Stuk Bridges

Ezio Farone Park.
The High Level Bridge was designed by Phillips B. Motley, the Engineer of Bridges for the Canadian Pacific Railway, and was constructed between 1910 and 1913 at a cost of two million dollars. It was the first bridge in Canada to carry four different modes of traffic: rail, streetcar, automobile, and pedestrian. The first passenger train, seven cars long and carrying 200 passengers, crossed the bridge from Strathcona to Edmonton on June 2, 1913.
The structure is approximately one-half mile long (0.8 kilometre) and stands 152 feet (46.3 meters) above the mean river level. The construction of the bridge was a significant engineering achievement for the time, and the High Level Bridge remains a distinctive city landmark.

Edmonton, Yukon & Pacific Railway Bridge

Trestle Bridge, Mill Creek Ravine.
This wooden trestle bridge, built between 1900 and 1902, is one of the last physical reminders of the existence of the Edmonton, Yukon and Pacific Railway, the "shortest railroad with the longest name".
The E.Y.& P. Railway was the first to bring rail transportation to Edmonton. It was connected to the Canadian Pacific line south of Strathcona, and traveled north along Mill Creek ravine, then across the Low Level Bridge. The first train crossed the bridge into Edmonton on October 20, 1902. By 1907, the line was extended westward where it connected with the new Canadian Northern main line.
The E.Y.& P's passenger service was suspended in 1928. The line was used to haul coal and freight until 1954, when it closed and the tracks were removed.

Edmonton, Yukon & Pacific Railway Bridge

Trestle Bridge, Mill Creek Ravine.
This wooden trestle bridge, built between 1900 and 1902, is one of the last physical reminders of the existence of the Edmonton, Yukon and Pacific Railway, the "shortest railroad with the longest name".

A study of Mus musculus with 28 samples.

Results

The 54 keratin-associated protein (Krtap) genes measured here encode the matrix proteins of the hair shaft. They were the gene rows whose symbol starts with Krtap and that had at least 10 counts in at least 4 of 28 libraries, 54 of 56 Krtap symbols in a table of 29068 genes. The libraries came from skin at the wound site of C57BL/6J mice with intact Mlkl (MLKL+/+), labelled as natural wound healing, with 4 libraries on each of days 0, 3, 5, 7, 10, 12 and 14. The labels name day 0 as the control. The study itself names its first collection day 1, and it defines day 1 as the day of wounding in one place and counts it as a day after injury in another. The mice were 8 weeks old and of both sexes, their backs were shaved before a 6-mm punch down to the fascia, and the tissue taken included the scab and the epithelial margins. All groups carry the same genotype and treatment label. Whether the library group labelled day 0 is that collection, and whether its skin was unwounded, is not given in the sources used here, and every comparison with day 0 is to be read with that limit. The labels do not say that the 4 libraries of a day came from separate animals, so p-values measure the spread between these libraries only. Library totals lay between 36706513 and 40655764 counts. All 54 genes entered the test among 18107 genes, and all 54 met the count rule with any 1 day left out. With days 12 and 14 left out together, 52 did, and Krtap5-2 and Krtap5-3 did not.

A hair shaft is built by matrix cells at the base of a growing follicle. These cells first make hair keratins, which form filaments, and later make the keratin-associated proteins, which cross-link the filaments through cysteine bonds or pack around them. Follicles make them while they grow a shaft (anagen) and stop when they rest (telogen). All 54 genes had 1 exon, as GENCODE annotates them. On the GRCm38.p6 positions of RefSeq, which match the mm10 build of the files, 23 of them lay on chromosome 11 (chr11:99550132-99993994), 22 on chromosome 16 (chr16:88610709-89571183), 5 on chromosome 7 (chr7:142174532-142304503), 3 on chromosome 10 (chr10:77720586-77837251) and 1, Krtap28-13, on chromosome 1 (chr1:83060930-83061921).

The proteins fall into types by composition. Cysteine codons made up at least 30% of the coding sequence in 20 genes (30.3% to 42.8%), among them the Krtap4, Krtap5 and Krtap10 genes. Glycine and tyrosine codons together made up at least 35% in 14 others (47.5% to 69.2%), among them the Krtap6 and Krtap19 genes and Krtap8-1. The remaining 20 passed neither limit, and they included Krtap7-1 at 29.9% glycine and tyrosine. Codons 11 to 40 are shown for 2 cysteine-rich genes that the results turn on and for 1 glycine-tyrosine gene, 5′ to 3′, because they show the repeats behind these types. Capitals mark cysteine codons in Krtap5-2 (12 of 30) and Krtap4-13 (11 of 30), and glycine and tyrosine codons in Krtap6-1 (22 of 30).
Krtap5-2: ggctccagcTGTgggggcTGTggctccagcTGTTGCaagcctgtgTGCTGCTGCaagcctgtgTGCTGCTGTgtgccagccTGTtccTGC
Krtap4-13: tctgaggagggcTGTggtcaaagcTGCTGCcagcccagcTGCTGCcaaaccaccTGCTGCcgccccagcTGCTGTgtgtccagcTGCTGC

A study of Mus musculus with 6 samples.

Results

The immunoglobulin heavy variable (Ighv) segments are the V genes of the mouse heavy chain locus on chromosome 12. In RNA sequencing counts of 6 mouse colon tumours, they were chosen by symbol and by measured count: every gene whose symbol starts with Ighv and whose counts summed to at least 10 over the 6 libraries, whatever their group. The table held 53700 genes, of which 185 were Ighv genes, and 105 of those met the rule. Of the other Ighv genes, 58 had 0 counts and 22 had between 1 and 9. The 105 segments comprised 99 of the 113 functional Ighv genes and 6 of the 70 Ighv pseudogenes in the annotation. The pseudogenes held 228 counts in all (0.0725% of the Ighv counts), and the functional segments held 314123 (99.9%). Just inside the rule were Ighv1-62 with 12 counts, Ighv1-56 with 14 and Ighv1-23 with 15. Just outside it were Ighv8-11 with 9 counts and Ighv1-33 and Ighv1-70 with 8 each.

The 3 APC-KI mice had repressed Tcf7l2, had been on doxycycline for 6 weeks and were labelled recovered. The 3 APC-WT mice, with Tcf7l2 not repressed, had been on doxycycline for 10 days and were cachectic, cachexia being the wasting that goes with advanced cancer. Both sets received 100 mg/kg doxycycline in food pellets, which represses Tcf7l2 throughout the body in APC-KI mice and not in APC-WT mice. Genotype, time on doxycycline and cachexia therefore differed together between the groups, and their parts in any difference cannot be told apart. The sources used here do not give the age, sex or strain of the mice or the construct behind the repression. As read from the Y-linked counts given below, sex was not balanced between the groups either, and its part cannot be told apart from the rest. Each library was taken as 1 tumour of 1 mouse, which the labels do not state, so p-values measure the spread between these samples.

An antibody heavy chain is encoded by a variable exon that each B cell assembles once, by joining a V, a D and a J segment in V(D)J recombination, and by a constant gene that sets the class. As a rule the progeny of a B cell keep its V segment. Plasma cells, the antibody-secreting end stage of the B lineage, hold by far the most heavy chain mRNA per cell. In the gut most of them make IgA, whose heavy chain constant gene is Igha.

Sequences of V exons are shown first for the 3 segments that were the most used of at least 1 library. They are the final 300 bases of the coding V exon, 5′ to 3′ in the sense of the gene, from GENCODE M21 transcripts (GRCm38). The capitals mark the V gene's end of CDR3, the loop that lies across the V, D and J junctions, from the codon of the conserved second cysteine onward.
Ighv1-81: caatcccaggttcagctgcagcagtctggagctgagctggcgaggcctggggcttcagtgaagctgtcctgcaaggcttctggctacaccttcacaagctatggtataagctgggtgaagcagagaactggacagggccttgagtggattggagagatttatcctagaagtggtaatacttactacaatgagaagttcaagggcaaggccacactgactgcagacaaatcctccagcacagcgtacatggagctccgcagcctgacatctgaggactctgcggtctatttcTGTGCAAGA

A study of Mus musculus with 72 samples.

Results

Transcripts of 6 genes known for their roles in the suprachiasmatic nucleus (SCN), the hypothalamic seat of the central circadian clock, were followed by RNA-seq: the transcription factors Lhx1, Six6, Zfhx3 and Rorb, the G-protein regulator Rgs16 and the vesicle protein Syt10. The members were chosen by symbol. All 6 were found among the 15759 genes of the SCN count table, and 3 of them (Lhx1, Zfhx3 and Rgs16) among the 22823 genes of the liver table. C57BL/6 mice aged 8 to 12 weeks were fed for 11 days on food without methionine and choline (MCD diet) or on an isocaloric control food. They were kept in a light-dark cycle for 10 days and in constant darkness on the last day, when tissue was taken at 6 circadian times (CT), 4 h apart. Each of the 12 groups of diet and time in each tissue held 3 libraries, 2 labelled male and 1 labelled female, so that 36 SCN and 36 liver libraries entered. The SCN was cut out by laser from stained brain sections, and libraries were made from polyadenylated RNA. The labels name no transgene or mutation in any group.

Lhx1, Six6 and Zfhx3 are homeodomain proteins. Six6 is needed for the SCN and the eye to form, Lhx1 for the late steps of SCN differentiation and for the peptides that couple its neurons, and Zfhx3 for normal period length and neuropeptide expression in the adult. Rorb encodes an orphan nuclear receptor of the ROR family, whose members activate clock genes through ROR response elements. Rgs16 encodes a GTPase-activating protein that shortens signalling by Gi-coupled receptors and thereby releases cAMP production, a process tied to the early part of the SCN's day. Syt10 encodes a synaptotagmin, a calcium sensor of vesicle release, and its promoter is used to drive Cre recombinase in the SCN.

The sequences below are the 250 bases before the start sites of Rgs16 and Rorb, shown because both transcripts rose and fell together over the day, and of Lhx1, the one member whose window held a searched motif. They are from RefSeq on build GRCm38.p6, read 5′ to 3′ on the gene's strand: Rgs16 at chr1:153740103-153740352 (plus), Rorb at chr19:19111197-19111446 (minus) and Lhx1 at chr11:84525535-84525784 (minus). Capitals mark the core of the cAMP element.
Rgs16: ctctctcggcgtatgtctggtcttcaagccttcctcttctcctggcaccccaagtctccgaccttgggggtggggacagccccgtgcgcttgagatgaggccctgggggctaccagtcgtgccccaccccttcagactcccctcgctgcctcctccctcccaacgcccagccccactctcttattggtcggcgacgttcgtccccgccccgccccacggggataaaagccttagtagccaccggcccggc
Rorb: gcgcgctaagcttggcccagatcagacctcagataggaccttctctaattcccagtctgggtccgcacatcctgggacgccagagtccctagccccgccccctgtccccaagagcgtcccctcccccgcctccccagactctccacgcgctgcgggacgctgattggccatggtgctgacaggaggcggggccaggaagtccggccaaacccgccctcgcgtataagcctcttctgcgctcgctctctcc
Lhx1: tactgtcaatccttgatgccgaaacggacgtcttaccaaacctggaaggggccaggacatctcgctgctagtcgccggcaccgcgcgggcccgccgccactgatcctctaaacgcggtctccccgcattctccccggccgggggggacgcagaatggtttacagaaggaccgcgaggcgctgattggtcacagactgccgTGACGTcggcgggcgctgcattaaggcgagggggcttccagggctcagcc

The E.Y.& P. Railway was the first to bring rail transportation to Edmonton. It was connected to the Canadian Pacific line south of Strathcona, and traveled north along Mill Creek ravine, then across the Low Level Bridge. The first train crossed the bridge into Edmonton on October 20, 1902. By 1907, the line was extended westward where it connected with the new Canadian Northern main line.
The E.Y.& P's passenger service was suspended in 1928. The line was used to haul coal and freight until 1954, when it closed and the tracks were removed.

Edmonton, Yukon & Pacific Railway Bridge

Trestle Bridge, Mill Creek Ravine.
This wooden trestle bridge, built between 1900 and 1902, is one of the last physical reminders of the existence of the Edmonton, Yukon and Pacific Railway, the "shortest railroad with the longest name".
The E.Y.& P. Railway was the first to bring rail transportation to Edmonton. It was connected to the Canadian Pacific line south of Strathcona, and traveled north along Mill Creek ravine, then across the Low Level Bridge. The first train crossed the bridge into Edmonton on October 20, 1902. By 1907, the line was extended westward where it connected with the new Canadian Northern main line.
The E.Y.& P's passenger service was suspended in 1928. The line was used to haul coal and freight until 1954, when it closed and the tracks were removed.